Republican Jewish Group Condemns anti-Semitic Abuse of Journalists

In recent weeks several journalists have been bombarded with anti-Semitic posts on social media for their criticism of Trump, but so far he has refused to denounce his fans for their actions.

Republican U.S. presidential candidate Donald Trump speaks at a campaign victory party at Trump Tower in Manhattan, New York, U.S., May 3, 2016.
Lucas Jackson, Reuters

This article was originally published on Jewish Insider.

The Republican Jewish Coalition (RJC) on Tuesday released a statement condemning the increased anti-Semitic abuse directed toward journalists by what they referred to as supporters of the three presidential candidates.

“We abhor any abuse of journalists, commentators and writers whether it be from Sanders, Clinton or Trump supporters,” the statement read. “There is no room for any of this in any campaign. Journalists, regardless of their race, religion or ethnicity should be free to do their jobs without suffering abuses, anti-Semitic or otherwise.”

Jewish journalists have recently faced anti-Semitic abuse and death threats by Trump supporters over articles they have published about the presumptive Republican presidential nominee.

The RJC has come under fire from such journalists for not calling out Trump's supporters in particular, Vox reported. New York Times editor Jonathan Weisman criticized the Jewish group, saying he has heard such abuse only from one camp.

Seth Mandel, of the Commentary journal, tweeted "cowardly statement from RJC. I'll let you know when Stormfront attacks my family because they like Hillary or Bernie," referring to the Democratic nominees.  

Most recently, New York Times editor Weisman’s Twitter timeline was flooded with anti-Semitism after he tweeted out an op-ed critical of Trump and called out anti-Semitism among Trump supporters, mainly on Twitter. Weisman also made reference to Melania Trump’s comments that journalist Julia Ioffe “provoked” the anti-Semitic abuse she faced from Trump fans after publishing a negative profile about her. “Melania Trump says @juliaioffe provoked vile antisemitism. Klan all in & Adelson urges Jews to back @realDonaldTrump,” he tweeted.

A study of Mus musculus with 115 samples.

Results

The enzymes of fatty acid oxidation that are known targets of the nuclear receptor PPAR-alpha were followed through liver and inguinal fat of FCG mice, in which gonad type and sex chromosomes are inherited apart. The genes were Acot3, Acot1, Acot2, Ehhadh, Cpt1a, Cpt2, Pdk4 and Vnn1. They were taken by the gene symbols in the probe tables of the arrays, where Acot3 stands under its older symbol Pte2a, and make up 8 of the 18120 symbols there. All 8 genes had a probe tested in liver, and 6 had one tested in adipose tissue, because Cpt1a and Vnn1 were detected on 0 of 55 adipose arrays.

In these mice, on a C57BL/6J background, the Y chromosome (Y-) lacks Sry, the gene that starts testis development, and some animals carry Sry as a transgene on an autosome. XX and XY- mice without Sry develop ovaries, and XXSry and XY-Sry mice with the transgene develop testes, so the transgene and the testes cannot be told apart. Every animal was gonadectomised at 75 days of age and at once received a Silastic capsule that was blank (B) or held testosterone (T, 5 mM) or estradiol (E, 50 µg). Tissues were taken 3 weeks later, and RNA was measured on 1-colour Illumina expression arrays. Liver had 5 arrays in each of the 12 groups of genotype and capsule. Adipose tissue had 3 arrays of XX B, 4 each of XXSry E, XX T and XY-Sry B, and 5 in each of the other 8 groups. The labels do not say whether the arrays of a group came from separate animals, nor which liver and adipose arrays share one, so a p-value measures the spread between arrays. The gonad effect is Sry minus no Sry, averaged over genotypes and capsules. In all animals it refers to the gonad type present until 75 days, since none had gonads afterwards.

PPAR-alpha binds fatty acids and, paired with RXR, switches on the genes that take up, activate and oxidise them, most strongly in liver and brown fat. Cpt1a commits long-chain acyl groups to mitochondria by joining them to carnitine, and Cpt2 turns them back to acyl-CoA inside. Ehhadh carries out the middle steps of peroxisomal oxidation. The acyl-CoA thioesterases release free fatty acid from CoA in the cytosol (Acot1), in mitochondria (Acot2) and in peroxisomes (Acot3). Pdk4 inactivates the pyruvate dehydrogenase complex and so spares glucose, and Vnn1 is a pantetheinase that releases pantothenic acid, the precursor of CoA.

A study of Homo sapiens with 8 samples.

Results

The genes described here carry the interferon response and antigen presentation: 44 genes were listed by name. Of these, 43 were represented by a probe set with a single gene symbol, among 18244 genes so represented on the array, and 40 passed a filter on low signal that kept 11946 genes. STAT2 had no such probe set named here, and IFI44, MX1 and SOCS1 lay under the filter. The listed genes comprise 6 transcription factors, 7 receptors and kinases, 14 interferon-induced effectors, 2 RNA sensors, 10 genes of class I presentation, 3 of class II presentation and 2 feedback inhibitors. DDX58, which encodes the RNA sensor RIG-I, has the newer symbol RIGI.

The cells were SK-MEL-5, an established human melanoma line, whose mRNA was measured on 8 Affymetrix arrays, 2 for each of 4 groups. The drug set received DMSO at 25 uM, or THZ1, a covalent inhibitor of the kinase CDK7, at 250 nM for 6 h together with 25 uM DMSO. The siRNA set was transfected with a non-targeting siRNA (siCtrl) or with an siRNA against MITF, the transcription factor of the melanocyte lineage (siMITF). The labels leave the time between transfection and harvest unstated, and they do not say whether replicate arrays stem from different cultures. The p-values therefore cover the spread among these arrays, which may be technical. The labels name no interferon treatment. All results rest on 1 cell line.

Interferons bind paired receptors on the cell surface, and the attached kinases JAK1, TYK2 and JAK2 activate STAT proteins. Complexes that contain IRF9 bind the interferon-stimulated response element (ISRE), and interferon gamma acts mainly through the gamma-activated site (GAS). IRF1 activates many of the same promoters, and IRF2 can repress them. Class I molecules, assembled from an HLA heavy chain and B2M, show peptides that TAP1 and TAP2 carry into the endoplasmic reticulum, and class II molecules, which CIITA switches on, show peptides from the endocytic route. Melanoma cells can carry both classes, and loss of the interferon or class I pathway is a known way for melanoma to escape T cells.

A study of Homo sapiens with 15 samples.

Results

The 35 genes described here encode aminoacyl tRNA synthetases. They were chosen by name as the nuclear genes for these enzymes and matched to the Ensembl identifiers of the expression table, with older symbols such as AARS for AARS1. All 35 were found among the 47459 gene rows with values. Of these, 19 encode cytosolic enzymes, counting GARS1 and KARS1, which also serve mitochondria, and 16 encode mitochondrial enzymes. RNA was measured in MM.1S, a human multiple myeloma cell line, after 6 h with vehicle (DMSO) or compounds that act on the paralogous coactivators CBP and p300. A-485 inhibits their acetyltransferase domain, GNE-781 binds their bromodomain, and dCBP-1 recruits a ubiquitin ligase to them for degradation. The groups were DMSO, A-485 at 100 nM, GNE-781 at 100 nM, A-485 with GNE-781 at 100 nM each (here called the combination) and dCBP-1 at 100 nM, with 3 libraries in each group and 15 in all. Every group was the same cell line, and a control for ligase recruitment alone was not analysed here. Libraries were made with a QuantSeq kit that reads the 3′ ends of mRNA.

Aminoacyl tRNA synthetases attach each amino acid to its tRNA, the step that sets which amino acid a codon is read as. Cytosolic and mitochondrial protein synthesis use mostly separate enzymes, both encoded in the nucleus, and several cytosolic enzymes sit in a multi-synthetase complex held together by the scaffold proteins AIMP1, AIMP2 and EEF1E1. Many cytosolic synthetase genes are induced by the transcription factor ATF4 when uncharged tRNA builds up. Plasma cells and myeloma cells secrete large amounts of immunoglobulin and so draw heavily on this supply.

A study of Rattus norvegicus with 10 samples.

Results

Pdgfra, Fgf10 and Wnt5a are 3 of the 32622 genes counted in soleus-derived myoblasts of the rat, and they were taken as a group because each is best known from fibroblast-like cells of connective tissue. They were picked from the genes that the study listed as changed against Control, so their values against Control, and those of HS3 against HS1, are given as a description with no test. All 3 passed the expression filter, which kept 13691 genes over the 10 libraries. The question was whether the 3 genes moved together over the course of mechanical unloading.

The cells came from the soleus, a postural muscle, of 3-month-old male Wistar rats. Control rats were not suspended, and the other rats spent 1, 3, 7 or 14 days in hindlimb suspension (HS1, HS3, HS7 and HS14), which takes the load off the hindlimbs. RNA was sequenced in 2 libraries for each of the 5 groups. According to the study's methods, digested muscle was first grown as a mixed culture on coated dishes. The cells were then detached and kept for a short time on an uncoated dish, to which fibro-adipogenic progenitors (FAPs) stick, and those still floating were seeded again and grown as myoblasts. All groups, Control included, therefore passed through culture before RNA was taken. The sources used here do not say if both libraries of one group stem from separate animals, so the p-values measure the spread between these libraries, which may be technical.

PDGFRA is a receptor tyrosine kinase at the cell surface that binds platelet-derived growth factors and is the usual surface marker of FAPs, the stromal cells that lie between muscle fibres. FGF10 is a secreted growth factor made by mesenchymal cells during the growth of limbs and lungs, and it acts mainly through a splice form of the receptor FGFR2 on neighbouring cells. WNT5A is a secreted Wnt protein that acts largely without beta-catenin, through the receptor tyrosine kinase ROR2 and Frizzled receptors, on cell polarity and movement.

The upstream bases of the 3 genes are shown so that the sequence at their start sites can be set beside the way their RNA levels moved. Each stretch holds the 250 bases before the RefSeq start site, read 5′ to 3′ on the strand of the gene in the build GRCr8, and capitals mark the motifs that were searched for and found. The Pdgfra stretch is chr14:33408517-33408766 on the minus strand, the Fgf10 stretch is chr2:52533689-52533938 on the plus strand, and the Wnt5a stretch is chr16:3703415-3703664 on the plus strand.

In a statement released two weeks ago ADL’s CEO Jonathan Greenblatt urged Trump to denounce the barrage of anti-Semitic comments by some of his supporters on social media. “The onus is now on Donald Trump to make unequivocally clear he rejects those sentiments and that there is no room for .. anti-Semitism in his campaign and in society,” Greenblatt said.

Trump refused to condemn his fans in an interview with CNN. “You hated this article in ‘GQ’ about your wife, Melania. Julia Ioffe wrote it. Since then, some of your supporters have viciously attacked this woman, Julia Ioffe, with anti-Semitic attacks, death threats. What’s your message to these people when something like that happens?” Wolf Blitzer asked the presumptive Republican presidential nominee during an interview earlier this month. “I’ll tell you, I haven’t read the article, but I hear it was a very inaccurate article and I heard it was a nasty article They shouldn’t be doing that with wives. I mean they shouldn’t be doing that,” he responded.

“These death threats that have followed these anti-Semitic,” Blitzer pressed Trump. “Oh, I don’t know about that. I don’t know anything about that,” said Trump. “You’ll have to talk to them about it. I don’t have a message to the fans.”

In Tuesday’s statement, the RJC promised to make the case “that Jewish values are American values and American values are the Republican values of free markets, peace through strength and unwavering support of Israel. Now more than ever our political process should be geared toward a civil discourse focused on solving our most vexing and intractable problems as a country.”